Editor’s note: This story is part of the CDT’s Business Matters special section.
To help retain businesses in Centre County and attract new ones, the SEDA-Council of Governments created a Natural Gas Cooperative in June to help bring the alternative form of fuel to the area.
While adding jobs is also a priority for the county, Executive Director of the co-op Don Kiel said creating opportunities for those already-existing companies — and residents — to stay right where they are depends on what is and isn’t offered to them.
One initiative of the cooperative includes a proposal for a natural gas pipeline in Centre Hall and Potter Township.
If executed, Kiel said, the pipeline can bring jobs to the area, but “more importantly” keep businesses right where they are.
The plan, called Centre Hall-Hanover Foods Proposed Natural Gas Pipeline Project, includes hooking up Hanover Foods Corp. directly to the natural gas line, and making it available to other local businesses and residents.
“There is a possibility of creating new jobs, but just the way the Pennsylvania economy is in the center part of the state, we traditionally try to really focus on keeping jobs we already have stay here,” Kiel said.
Natural gas, Kiel said, is a benefit in more ways than one, including cheaper and cleaner energy.
“I’ve worked with a lot of people at the state level and with the government pipeline task force and heard a lot of people from different portions of the state talk about trying to recruit new industries,” Kiel said. “The first question is, do you have access to natural gas?”
But Centre Hall Mayor Ray Hankinson said he’s hearing mixed reactions.
“We (as a borough) had almost no part in it, but I support it; I think it’s a great opportunity for Centre Hall,” Hankinson said. “What I’m a hearing are some people with the argument that they would need to buy an expensive furnace upgrade, and asking if it’s a good bang for their buck, so to speak.”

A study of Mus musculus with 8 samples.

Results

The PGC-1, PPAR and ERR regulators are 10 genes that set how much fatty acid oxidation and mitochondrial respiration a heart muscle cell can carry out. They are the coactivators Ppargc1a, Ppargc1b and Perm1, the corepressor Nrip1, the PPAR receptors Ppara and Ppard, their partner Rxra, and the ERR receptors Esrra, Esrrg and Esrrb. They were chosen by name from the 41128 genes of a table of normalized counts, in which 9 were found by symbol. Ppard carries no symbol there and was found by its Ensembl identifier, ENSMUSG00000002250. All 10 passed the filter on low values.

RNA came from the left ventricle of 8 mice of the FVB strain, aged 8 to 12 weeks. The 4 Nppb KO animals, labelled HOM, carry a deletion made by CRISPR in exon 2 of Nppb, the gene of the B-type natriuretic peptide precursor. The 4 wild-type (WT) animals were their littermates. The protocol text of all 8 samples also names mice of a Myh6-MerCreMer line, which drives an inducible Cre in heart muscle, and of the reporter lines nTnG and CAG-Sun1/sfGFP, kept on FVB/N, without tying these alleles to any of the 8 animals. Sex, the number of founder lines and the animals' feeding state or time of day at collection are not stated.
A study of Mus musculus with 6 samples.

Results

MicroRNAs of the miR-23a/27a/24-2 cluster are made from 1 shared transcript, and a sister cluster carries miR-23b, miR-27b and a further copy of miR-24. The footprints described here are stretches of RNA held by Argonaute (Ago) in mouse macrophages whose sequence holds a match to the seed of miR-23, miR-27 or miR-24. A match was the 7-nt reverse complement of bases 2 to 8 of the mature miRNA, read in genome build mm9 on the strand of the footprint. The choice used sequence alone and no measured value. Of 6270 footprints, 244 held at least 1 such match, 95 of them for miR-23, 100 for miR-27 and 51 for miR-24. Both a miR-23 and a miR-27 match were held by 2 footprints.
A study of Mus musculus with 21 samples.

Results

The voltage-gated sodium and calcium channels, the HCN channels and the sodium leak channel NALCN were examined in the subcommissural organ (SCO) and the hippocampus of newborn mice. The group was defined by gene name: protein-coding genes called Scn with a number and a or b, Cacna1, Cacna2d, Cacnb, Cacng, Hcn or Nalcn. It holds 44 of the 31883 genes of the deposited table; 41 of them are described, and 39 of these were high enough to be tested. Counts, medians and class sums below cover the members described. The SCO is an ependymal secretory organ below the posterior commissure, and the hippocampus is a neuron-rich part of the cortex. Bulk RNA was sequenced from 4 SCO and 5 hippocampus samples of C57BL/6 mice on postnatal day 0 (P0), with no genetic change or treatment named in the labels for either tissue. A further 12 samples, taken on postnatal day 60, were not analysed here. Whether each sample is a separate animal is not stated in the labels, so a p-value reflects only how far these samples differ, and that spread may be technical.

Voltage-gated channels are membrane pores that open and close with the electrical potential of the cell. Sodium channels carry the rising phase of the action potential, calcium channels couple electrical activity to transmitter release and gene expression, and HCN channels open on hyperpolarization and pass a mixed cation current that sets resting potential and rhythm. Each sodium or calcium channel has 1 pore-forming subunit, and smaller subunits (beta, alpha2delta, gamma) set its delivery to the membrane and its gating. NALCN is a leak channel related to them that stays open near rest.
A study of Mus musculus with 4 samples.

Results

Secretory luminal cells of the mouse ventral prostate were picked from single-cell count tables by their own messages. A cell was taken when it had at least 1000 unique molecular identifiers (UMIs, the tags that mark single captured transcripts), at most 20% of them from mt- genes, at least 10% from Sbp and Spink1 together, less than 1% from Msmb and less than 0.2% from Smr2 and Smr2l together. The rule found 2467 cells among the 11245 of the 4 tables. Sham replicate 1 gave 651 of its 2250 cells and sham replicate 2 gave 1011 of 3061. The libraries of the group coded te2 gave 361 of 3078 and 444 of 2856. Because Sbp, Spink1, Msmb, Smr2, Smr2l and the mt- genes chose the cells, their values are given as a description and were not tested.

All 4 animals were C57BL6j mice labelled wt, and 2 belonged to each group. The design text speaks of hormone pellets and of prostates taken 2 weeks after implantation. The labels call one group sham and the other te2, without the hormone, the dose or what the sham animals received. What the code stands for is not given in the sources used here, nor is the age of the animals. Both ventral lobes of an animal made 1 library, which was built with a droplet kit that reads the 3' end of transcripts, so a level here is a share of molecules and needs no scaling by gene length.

Representatives from Columbia Gas and SEDA-COG will keep affected residents informed about their options, and solicit feedback from community members.
The co-op was established to do similarly what has been done with SEDA-COG’s Joint Rail Authority.
“It took over lines that were abandoned and found use for them,” Kiel said. “That was a good model for us, but in a different aspect. The Marcellus Shale is providing us with a ton of benefits like natural gas, but in central Pennsylvania, we’re poor in infrastructure. There are neighborhoods with natural gas, and some that don’t.”
Kiel said a study was done to identify communities in SEDA-COG’s 11-county area that would benefit from a natural gas pipeline.
The study included a part of the Penns Valley region, and would be sponsored in part by Columbia Gas, among other donors.
According to a report from the development organization, the Centre Hall-Hanover Foods Proposed Pipeline Project could cost between $4 million to $4.5 million.
The report said Columbia Gas would fund $2.5 million to $3 million. The rest would come from grants and other user contributions like that from Hanover Foods.
A bulk of the cost would be to build a compression station planned in Potter Township on Brush Valley Road west of Centre Hall.
But before it’s approved, Kiel said SEDA-COG representatives are waiting on grant funding to go through.
“When we looked at these target area, the question became, what can we do to implement and develop something to support gas delivery companies?” Kiel said. “We’re in the middle of talking about these projects now with stakeholders and funding sources, and trying to secure them.”
Kiel said it will likely be a multiphase project, but the biggest benefit is opening up a natural gas line that has more than one use.
“We would like to promote this so it can serve the larger commercial industrial retail business and also include service for residents,” he said.
If all goes as planned, Kiel said the project could start as early as later this year. More realistically, he said construction of the natural gas pipeline would start in 2018.
“If this does go to an area like Centre Hall, we want to look at the level of participation and still be cognizant of the impact on the environment,” Kiel said. “Other than coal, it’s the cheapest form of energy because it’s all tied up into how easy it is to produce and transport, and the advantage locally is that there is a local source.”
Natural gas in Centre County is produced in the northern part of the county in areas such as Burnside and Snow Shoe townships, where wells are drilled by gas and oil companies.
“Basically, it’s just a new way to approach things and look at this as a future trend,” Kiel said.